Plus, court orders Pa. to release marijuana doctor data.

Your Postmaster: Colin Deppen

Wednesday, November 22, 2023
In today's edition: On appeal, police pick, marijuana doctors, intelligent design, city encampments, checkered past, and solo Thanksgiving.
GIVE THANKS, GET 2X: To kick off the Season of Giving, all gifts in support of Spotlight PA's vital journalism will be DOUBLED. Show your support and give thanks for the tireless work of our reporters by making a tax-deductible gift now »

Gov. Josh Shapiro’s office said Tuesday that it has appealed two Commonwealth Court decisions that struck down Pennsylvania’s participation in an interstate program to reduce carbon emissions and fight climate change.

The Democrat has been unwilling to commit to keeping Pennsylvania in the Regional Greenhouse Gas Initiative, and the administration made it clear that the appeal is not a pledge to do so.

The state Supreme Court must take up the appeal.

Read Spotlight PA's full report: Gov. Josh Shapiro will appeal decision that struck down key climate program to Pa.’s highest court

THE CONTEXT: RGGI has been under fire since former Democratic Gov. Tom Wolf announced his intention to join the program via executive order in 2019.

Republican lawmakers argued that the move was an overreach of executive power, and have said they believe RGGI will make Pennsylvania less competitive as an energy producer.

Should the Shapiro administration win the appeal, it is unclear whether the governor will maintain the commonwealth’s membership in RGGI.

Asked about these plans, spokesperson Manuel Bonder told Spotlight PA, “I won’t get into hypotheticals on that just yet.” 


"Such an unauthorized invasion of bodily autonomy can be incredibly traumatizing for both patients and medical students."

State Sen. Maria Collett (D., Montgomery) on pelvic, prostate, or rectal exams performed on anesthetized patients; Pennsylvania's newest state law requires specific, written permission from patients before that happens

Crimson-colored trees frame a building atop a hill in the distance.
Today's top news story in Pennsylvania.PARKER'S PICK: The current head of security for the School District of Philadelphia is now set to become the city's next police commissioner. Billy Penn, citing multiple outlets, reports Mayor-elect Cherelle Parker will name Kevin Bethel, a former deputy PPD commissioner, as her choice to lead the city's force, the largest in the state. A formal announcement was set for 10 this morning.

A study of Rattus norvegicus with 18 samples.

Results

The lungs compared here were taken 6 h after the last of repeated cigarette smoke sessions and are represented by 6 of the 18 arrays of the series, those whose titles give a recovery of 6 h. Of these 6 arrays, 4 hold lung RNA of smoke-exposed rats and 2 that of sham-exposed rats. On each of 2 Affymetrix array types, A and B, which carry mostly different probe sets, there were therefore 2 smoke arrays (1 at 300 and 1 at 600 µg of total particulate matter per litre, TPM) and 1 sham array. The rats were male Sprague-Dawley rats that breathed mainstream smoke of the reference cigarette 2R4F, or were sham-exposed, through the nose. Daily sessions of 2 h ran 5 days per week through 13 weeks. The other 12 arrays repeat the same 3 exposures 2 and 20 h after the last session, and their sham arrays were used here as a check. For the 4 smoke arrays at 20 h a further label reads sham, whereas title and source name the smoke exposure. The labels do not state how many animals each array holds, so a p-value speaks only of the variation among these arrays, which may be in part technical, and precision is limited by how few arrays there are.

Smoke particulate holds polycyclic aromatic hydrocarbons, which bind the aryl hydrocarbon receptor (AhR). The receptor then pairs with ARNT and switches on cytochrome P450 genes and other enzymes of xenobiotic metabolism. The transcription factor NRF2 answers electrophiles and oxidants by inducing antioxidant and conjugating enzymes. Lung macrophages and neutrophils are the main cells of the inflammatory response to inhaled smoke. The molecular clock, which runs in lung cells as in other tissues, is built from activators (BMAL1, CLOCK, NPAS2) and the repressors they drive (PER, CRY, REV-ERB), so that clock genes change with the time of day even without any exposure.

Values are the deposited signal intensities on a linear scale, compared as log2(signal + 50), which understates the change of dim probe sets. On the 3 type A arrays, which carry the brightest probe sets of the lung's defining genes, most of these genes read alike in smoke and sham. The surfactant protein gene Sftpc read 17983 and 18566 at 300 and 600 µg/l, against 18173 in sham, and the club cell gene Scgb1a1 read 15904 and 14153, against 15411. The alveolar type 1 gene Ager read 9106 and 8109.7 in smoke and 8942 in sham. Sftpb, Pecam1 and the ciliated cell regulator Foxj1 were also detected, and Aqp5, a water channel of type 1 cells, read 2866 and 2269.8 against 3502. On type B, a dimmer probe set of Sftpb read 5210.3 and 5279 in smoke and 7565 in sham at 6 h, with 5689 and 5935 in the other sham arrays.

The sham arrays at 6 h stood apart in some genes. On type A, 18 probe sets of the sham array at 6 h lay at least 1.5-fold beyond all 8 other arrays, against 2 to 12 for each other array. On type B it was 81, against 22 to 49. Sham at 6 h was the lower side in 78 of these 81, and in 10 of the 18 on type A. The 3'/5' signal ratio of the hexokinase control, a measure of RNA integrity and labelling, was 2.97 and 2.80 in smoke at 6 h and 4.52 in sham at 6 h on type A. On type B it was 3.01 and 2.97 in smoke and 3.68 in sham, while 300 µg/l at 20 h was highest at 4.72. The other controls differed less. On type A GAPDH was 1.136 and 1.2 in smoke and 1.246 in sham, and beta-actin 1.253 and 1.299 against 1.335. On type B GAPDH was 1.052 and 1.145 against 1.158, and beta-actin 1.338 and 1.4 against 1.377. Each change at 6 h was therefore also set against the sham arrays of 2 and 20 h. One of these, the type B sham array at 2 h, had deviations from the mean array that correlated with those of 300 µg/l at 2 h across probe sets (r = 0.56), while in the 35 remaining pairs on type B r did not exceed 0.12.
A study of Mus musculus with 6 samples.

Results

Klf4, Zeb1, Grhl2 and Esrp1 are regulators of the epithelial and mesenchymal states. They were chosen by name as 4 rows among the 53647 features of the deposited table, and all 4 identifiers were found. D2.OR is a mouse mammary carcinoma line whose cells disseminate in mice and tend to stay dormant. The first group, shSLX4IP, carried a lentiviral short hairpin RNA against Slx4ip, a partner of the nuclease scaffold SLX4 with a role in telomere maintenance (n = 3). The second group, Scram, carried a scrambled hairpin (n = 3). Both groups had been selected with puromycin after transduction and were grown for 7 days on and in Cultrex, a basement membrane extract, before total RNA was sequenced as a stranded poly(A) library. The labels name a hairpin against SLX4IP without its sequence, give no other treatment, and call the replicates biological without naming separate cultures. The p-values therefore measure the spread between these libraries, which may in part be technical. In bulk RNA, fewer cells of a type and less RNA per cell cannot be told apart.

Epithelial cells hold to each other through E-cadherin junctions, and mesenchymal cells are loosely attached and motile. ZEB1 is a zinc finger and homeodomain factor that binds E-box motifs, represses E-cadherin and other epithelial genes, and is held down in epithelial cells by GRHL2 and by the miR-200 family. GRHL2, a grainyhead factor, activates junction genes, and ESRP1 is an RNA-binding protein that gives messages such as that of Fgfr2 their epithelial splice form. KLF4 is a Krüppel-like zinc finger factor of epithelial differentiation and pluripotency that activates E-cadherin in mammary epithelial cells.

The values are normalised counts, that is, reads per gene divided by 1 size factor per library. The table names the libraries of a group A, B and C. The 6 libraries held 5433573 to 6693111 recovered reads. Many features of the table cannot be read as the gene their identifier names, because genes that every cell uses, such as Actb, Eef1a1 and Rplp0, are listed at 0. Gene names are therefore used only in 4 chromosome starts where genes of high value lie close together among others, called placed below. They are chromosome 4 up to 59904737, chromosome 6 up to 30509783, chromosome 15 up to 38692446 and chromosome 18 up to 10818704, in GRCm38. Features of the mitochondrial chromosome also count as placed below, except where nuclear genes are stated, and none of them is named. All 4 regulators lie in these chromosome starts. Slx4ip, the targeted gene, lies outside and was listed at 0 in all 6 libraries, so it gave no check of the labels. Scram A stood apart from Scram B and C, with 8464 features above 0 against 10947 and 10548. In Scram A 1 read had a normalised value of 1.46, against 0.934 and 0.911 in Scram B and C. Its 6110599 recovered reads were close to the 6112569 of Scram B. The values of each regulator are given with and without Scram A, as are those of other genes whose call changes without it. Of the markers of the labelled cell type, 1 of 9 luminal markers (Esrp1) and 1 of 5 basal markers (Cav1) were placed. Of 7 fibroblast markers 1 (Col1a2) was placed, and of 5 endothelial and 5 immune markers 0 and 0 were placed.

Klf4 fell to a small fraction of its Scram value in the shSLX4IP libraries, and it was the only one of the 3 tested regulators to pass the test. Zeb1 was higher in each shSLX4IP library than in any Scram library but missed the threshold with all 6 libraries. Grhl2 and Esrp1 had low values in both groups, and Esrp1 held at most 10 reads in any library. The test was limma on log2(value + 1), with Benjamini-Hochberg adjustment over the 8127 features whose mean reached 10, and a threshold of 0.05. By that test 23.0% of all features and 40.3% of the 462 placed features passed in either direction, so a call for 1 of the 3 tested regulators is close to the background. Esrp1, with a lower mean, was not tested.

• RELATED: Philadelphia City Hall is distancing itself from its 3rd annual Palestinian solidarity day next week, via The Inquirer (paywall)
Today's second top news story in Pennsylvania.DATA DECISION: A Commonwealth Court judge has ordered Pennsylvania’s health department to release information about medical marijuana certifications issued by individual doctors statewide, data that could help identify outliers who might be bending or breaking the rules. The decision likely concludes an open records dispute in which the agency sued Spotlight PA to keep the information secret.

Today's third top news story in Pennsylvania.AI HIGHWAYS: Pennsylvania is at the forefront of a movement to integrate artificial intelligence into road and bridge repairs. The New York Times (paywall) reports some experts are waving the caution flag. The paper says AI can help build more resilient projects for less money. But some experts fear there could be side effects from turning to such nascent technology in the race to update ancient infrastructure.

Today's fourth top news story in Pennsylvania.CITY-SANCTIONED: Homelessness is up in Allegheny County, perhaps most visibly in Pittsburgh, where local officials are weighing a plan to create city-sanctioned encampments with electricity, running water, and trash removal. TribLIVE reports the legislation, introduced this week, limits the encampments to no more than 50 residents at once. Nonprofits would be allowed to manage the sites. The locations are TBD.

Today's fifth top news story in Pennsylvania.MIDWIFE ALARMS: Midwife Karen Carr drew scrutiny in Pennsylvania following a 2003 home birth that ended with the mother getting a C-section in a hospital. Carr was investigated for practicing nurse midwifery without a license, but Pennsylvania dropped the case. Now, WaPo (paywall) reports Carr has been linked to a string of home births gone wrong in several states, some with devastating results.
SOLO HOLIDAY: PublicSource asked its readers what's it like to spend Thanksgiving alone and says: The stories we received ranged from bittersweet to nostalgic, gleeful to devastating. Read them for yourself here.

VP DEBATE: Lafayette College in Easton will host the only vice presidential debate of the 2024 election. It's set for Sept. 25, 2024.

MONEYBALL: Pennsylvania's Treasury and Good Morning America went to a football game in Royersford to find the owners of unclaimed billions.

SEPTA STRIKE? SEPTA conductors and engineers authorized a strike on Tuesday, following the system's police force. Talks continue.

$1.8M LISTING: A Frank Lloyd Wright-inspired, wedge-shaped home that overlooks woods with walls of glass is for sale in Monroe County.